Dogs English Setter

Published on November 17th, 2015 | by Debbie Martin


The English Setter is a distinctive breed of dog that’s closely related to the Spaniel. It’s one of the oldest breeds of pedigree hunting dogs – and it’s among the more popular domestic breeds in the country. In this article, we’ll take a closer look at the English Setter – at where it came from, and what it’s like to own.

PEnglish Setterrofile: what is an English Setter?

An English setter is a variety of sports dog bred for hunting game and quail across moorland. It would operate by finding an airborne scent and following it to wherever its quarry was hiding, before ‘setting’ down on the ground in order to indicate the presence of the game to the hunter.

It’s a dog that strikes a happy balance between a range of qualities. It’s equipped for both high-intensity bursts of exertion and more long-distance tests of endurance. It’s neither especially small nor especially big, and has a medium-length fur coat with long flourishes at the back of the legs.

History: Where did the English Setter come from?

English setters can trace their ancestry back hundreds of years, to 16th century France, where French and Spanish pointer breeds were bred together to create an entirely new sort of dog. It would not be until later, however, that the English Setter as we know it today would come to be.

The Victorian Era was a time of rapid advance in the world of canine breeding. It was a time when many different breeds of dog were formally standardised, culminating in the latter portion of the 19th century with the first ever dog shows.

None of these changes had yet taken place when a breeder named Edward Laverek first brought the French and Spanish setters to England. He noted that changes in technology had made some of the setter’s traits less useful – the breed’s habit of ‘setting’, in order to indicate the presence of game was no longer useful to hunters with long-range weaponry. After all, if the hunter was standing a long distance away, he (and it usually was a he) would be unable to see whether the dog was sitting, standing or prone.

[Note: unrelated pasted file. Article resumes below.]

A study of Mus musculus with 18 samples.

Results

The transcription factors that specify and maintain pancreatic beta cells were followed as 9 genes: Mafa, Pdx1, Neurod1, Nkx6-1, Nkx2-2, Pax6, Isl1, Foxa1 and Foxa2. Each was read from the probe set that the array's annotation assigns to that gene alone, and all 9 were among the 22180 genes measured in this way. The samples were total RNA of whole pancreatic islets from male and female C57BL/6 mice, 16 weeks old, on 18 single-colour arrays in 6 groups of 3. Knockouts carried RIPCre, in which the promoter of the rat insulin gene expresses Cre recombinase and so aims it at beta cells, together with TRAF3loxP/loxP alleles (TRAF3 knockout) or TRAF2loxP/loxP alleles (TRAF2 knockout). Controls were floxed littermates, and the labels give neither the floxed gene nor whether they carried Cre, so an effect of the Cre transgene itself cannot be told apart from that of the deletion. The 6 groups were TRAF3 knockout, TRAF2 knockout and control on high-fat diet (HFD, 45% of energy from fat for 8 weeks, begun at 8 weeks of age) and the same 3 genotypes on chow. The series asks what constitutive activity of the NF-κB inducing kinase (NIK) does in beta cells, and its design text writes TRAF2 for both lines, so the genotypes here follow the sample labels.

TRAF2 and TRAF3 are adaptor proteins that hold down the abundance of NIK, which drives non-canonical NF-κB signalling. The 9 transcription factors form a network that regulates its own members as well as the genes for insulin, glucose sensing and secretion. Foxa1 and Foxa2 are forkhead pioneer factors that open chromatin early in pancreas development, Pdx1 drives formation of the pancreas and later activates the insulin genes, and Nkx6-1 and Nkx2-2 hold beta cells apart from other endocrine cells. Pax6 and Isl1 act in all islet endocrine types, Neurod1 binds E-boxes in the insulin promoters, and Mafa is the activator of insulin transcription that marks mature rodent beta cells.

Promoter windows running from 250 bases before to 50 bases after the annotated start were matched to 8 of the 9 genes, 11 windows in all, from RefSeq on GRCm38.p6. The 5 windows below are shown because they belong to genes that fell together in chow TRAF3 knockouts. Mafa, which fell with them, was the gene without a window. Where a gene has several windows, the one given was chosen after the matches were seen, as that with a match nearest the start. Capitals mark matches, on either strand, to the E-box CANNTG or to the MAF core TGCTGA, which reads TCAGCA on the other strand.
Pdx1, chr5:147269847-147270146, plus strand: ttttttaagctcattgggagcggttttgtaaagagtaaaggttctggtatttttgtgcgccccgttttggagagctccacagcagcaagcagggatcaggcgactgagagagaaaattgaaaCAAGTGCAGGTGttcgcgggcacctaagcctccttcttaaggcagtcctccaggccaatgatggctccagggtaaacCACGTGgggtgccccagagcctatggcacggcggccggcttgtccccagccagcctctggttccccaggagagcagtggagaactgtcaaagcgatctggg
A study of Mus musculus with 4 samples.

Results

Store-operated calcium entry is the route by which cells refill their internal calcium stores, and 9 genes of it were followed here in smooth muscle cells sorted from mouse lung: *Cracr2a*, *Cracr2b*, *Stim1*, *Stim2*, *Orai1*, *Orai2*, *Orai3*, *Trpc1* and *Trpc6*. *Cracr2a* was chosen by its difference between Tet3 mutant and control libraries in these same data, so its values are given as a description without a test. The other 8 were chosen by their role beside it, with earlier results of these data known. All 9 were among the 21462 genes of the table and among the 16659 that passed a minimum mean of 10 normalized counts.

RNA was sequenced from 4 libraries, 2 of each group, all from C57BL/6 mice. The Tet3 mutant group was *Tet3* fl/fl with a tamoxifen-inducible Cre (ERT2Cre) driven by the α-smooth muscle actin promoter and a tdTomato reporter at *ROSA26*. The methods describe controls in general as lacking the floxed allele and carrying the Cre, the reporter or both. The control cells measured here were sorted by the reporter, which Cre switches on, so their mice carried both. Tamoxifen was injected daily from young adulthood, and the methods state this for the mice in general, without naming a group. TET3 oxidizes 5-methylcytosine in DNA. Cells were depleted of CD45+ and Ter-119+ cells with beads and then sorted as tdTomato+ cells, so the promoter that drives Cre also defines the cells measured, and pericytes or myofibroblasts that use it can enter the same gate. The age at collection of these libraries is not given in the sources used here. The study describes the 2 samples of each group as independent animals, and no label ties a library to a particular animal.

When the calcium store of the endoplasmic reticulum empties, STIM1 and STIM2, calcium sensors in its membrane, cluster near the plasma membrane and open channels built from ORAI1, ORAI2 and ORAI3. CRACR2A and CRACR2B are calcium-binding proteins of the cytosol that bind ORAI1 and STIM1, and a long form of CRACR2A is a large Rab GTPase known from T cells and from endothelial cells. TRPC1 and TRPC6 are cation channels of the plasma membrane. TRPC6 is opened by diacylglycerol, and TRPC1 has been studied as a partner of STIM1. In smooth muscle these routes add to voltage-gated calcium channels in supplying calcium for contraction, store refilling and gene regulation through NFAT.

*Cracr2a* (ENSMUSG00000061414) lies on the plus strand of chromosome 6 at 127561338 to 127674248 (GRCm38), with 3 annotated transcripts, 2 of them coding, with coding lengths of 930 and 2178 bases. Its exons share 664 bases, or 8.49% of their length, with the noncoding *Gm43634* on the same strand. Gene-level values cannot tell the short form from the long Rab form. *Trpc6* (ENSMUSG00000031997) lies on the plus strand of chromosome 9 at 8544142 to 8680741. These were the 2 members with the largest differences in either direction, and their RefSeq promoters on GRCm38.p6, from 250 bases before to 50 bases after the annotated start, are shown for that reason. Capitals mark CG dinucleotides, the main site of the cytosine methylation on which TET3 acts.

Laverack therefore decided to breed out this habit, and instead have the new breed crouch in a more upright position, so that they could be seen from further away. The new breed was consequently known colloquially as the Laverack setter. It would enjoy great popularity, not only among hunters, but among domestic households, too.

Personality: What is an English Setter like to own?

English setters are very warm, friendly and sociable dogs, who are bred to work in close conjunction with people thanks to their breeding in hunting. They are strong-willed and independent and so require a strong sense of discipline if problem behaviours are to be avoided.

They’re also very vocal, and will bark at those approaching the home. For this reason, they make excellent guard dogs – but this can be a problem, if it isn’t addressed early on. English setters benefit from early exposure to people, lights and other dogs, and from short, interesting training sessions rich in positive re-enforcement and reward.

Any Special Issues?

Like all sports dogs, English Setters require long periods of physical exercise. This is a good opportunity for the owner to assert themselves over their pet; insist that the dog heel beside you when you’re walking it, and you’ll avoid behavioural problems associated with dominance – believe it or not, allowing a Setter to walk ahead of you can cause it to believe it is in charge!

Other problems can also arise from the dog’s hunting background. They have a strong sense of smell, and will follow any scent that arouses their curiosity. This can lead them to trying to escape, and to becoming lost. It’s therefore important to have a fence installed around your garden – and a substantial one at that, since English Setters are remarkably good at jumping over obstacles and tunnelling beneath them.

English setters can potentially become nuisance barkers, and are notoriously difficult to housebreak. The solution to both of these problems is a strong regimen of discipline from very early on.

One of the most important tasks for owners of English Setters is to keep its distinctive, luxuriant fur coat in good condition. This can be done through regular combing a brushing. You can either do this yourself or hire a professional to do it for you. Unlike longer-haired dog breeds, the English setter can get away with being bathed only infrequently.

Like many pedigree breeds, the English Setter is predisposed toward a few unpleasant health problems. The most notable of these is hip dysplasia – a problem whereby the thigh-bone does not quite sit properly into the socket of the hip-bone. This can be a painful and debilitating condition, and so it’s important to screen for it. Reputable breeders will be able to provide you with proof of the good health of both the mother and father of any puppy, and so this should be insisted upon before proceeding with any purchase. This will ensure that your dog will be happy and health for as long as possible!


Debbie Martin has worked at Beeston Animal Health for over five years, having previously worked as a nurse in equine and small animal practice. Although generally involved with aspects of marketing these days and putting her psychology degree to good use, she still has a great depth of up to date knowledge in all creatures great and small. Debbie lives at home with her partner and two children and spends much of her spare time looking after her horses, dogs and cats or at the home farm with the cows, sheep and turkeys.